Geraniums are one of the most popular garden flowers in North America. They're fragrant, colorful and grow well in containers, hanging baskets and flower beds. They're easy to care for and have over 300 different species to choose from. To help you pick the best option for your garden, here are the four main types of geranium to keep in mind:
Zonal geraniums are the most common type grown in gardens. They grow with single or double blooms in a wide variety of colors including white, pink, red, yellow, orange, purple and burgundy. Zonal geraniums are some of the easiest to grow and thrive in many different climates. They're drought-tolerant and can be grown as perennials in regions with temperate winters.
Regal geraniums are also called Marsha Washington geraniums. This type of geranium has large multicolored flowers compared to the smaller, single-colored zonal geraniums. Regal geraniums need cooler temperatures to thrive, and won't bloom at all in hotter weather.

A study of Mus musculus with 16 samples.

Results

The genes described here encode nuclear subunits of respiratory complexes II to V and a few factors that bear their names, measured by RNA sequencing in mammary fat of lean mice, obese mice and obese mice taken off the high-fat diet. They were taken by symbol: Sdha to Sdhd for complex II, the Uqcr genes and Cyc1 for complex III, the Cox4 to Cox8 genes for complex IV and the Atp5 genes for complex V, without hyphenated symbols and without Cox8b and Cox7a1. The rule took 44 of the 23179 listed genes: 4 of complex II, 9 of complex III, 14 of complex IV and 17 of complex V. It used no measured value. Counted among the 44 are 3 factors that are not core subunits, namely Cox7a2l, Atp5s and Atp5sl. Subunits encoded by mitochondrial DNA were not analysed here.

Ivy geraniums aren't climbing vines, but trail beautifully out of containers or hanging baskets. They grow in long, cascading mounds of flowers and can grow up to three feet wide if given enough space to spread out. These geraniums love full sunlight and will bloom from early spring to the first frost when in optimal conditions.
While you might expect the flowers of scented geraniums to be scented, it's actually their foliage. Scented geraniums have velvety textured leaves that give off pleasant scents in endless variations. Some popular scents are rose, apricot, mint and apple. Generally, you can glean the scent from the name of the cultivar, such as "Lemon Balm" or "Chocolate Mint." These geraniums don't bloom as much as other types, but their special foliage makes them a favorite among many gardeners.